Pittsburgh police have been searching for the gunman since the shootings occurred about 2:15 a.m. as several players returned from an on-campus dance at the student union.
The suspect is described as a black male, approximately 5-foot, 4-inches tall, wearing a white t-shirt, CBS station KDKA-TV in Pittsburgh reports.
Authorities said two players were walking near Vickroy Hall when they encountered a man who apparently had been disruptive at the dance attended by about 200 people. The players tried to calm the man and began walking away, but were shot, police said. Players who rushed to their aid were also shot.
Those most badly injured were 6-foot-7 forward Sam Ashaolu, a transfer from Lake Region State College and a cousin of former Houston Rockets star Hakeem Olajuwon, and Stuard Baldonado, a 6-7 transfer from Miami Dade College who was considered the Dukes' best recruit.
Also hospitalized is Kojo Mensah, a guard from Brooklyn, N.Y., who averaged nearly 17 points last season at Siena before transferring, school officials said at a news conference Sunday. His condition was not immediately available.
Treated and released from Mercy Hospital were 6-10 Shawn James, the nation's leading shot blocker last season at Northeastern University before transferring to Duquesne, and Aaron Jackson, a guard who is one of only two returning players from Duquesne's 3-24 team of last season.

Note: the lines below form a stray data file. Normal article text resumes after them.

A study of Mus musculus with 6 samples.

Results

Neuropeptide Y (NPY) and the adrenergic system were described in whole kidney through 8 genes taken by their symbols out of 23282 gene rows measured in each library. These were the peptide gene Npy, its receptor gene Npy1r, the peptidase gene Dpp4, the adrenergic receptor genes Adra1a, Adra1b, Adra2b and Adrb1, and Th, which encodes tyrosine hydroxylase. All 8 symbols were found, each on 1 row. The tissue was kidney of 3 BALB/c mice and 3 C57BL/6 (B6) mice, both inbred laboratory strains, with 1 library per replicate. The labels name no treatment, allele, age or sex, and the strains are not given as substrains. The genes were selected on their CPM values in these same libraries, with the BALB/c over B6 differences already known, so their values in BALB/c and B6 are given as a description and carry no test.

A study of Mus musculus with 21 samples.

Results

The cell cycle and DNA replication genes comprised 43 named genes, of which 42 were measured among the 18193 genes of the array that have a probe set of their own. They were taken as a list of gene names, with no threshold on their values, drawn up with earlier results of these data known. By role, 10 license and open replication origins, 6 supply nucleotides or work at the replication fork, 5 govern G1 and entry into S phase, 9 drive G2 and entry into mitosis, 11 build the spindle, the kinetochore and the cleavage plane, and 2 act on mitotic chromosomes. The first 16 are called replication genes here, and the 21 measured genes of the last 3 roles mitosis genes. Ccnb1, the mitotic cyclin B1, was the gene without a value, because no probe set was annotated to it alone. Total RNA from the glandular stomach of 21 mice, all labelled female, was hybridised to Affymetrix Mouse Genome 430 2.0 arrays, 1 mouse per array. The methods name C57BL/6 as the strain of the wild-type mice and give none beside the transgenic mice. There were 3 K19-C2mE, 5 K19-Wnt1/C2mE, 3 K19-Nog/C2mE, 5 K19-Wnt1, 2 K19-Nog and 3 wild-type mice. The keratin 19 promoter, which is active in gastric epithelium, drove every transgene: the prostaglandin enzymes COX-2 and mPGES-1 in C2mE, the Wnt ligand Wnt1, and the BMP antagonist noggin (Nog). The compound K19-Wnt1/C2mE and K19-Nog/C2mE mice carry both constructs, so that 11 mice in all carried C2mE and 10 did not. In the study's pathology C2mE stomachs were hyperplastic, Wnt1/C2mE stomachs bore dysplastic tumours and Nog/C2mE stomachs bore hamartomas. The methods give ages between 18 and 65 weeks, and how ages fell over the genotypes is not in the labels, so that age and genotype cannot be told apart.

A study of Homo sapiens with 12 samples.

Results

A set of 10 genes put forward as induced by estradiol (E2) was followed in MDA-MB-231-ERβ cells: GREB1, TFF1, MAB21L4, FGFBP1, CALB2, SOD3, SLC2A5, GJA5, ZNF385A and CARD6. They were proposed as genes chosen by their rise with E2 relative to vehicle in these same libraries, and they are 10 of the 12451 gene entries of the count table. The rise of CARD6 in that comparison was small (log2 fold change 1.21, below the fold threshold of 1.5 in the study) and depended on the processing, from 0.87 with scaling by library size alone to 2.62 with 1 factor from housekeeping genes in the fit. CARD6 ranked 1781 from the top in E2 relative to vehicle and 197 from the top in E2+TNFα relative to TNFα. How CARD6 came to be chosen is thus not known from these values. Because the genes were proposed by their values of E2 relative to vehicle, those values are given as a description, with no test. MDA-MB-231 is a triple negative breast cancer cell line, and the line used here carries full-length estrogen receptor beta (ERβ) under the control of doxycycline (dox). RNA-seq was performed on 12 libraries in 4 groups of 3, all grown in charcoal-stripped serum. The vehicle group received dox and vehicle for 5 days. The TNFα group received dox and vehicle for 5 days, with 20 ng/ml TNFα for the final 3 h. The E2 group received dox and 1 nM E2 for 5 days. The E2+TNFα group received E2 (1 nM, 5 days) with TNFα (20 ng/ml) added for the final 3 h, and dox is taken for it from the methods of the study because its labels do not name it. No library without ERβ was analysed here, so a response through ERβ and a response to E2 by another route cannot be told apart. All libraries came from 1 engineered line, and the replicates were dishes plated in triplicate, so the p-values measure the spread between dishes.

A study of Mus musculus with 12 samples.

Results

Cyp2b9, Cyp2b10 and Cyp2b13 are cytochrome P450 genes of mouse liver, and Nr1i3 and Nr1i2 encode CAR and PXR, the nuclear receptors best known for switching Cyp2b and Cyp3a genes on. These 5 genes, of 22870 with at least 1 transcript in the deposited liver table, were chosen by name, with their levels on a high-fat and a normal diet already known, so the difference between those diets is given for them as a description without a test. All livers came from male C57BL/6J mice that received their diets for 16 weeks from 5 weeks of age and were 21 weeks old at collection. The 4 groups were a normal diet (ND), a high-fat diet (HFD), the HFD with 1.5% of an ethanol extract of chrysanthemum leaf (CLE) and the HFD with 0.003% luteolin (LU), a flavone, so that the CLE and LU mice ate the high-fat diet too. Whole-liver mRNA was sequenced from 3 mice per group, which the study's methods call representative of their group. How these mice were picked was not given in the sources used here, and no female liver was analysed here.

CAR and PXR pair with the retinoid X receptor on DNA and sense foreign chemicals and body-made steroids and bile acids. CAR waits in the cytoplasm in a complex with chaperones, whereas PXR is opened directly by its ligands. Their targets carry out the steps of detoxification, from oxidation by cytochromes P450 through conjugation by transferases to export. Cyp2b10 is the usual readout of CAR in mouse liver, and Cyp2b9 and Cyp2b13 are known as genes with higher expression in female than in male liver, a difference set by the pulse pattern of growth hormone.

University president Charles Dougherty said witnesses reported seeing two guns, but he couldn't confirm if both were fired. The second gun was seen on someone in a group with the shooter; no one in the group was a Duquesne student, Dougherty said.
Between six and 12 shots were fired, he added.
James, expected to be Duquesne's top player when he becomes eligible in the 2007-08 season and an NBA prospect, was shot in the foot but no bones were broken. Mensah was believed to have been shot in the shoulder. Jackson was shot in the hand.
"The entire Duquesne University community is saddened and shocked," Dougherty said. "We're shocked because an event of this sort has never happened. It's a safe campus and known to be a safe campus."
The downtown school has round-the-clock police protection, which was stepped up Sunday. Armed university police officers guarded dormitories and other buildings.
Matt Tripodi, 18, of Rochester, N.Y., a business and accounting major at Duquesne, said the shooting could spoil the university's reputation as a safe place.
"It's the safest campus and now it's not," he said, though he added he wasn't worried about his safety.
Athletic director Greg Amodio said officials have not yet considered the effect the shooting will have on the basketball program because the school is primarily concerned about the students.
New Duquesne coach Ron Everhart, formerly at Northeastern, had rebuilt the Duquesne program almost from scratch after being hired in March by bringing in 10 recruits — one of the most sweeping upheavals of any Division I program in recent years.
The university postponed a women's soccer game scheduled for Sunday and barred all media from the campus.
"We are concerned about the psychological impact of this on our students," Dougherty said.
Several students who were distraught after witnessing the shootings were being counseled Sunday.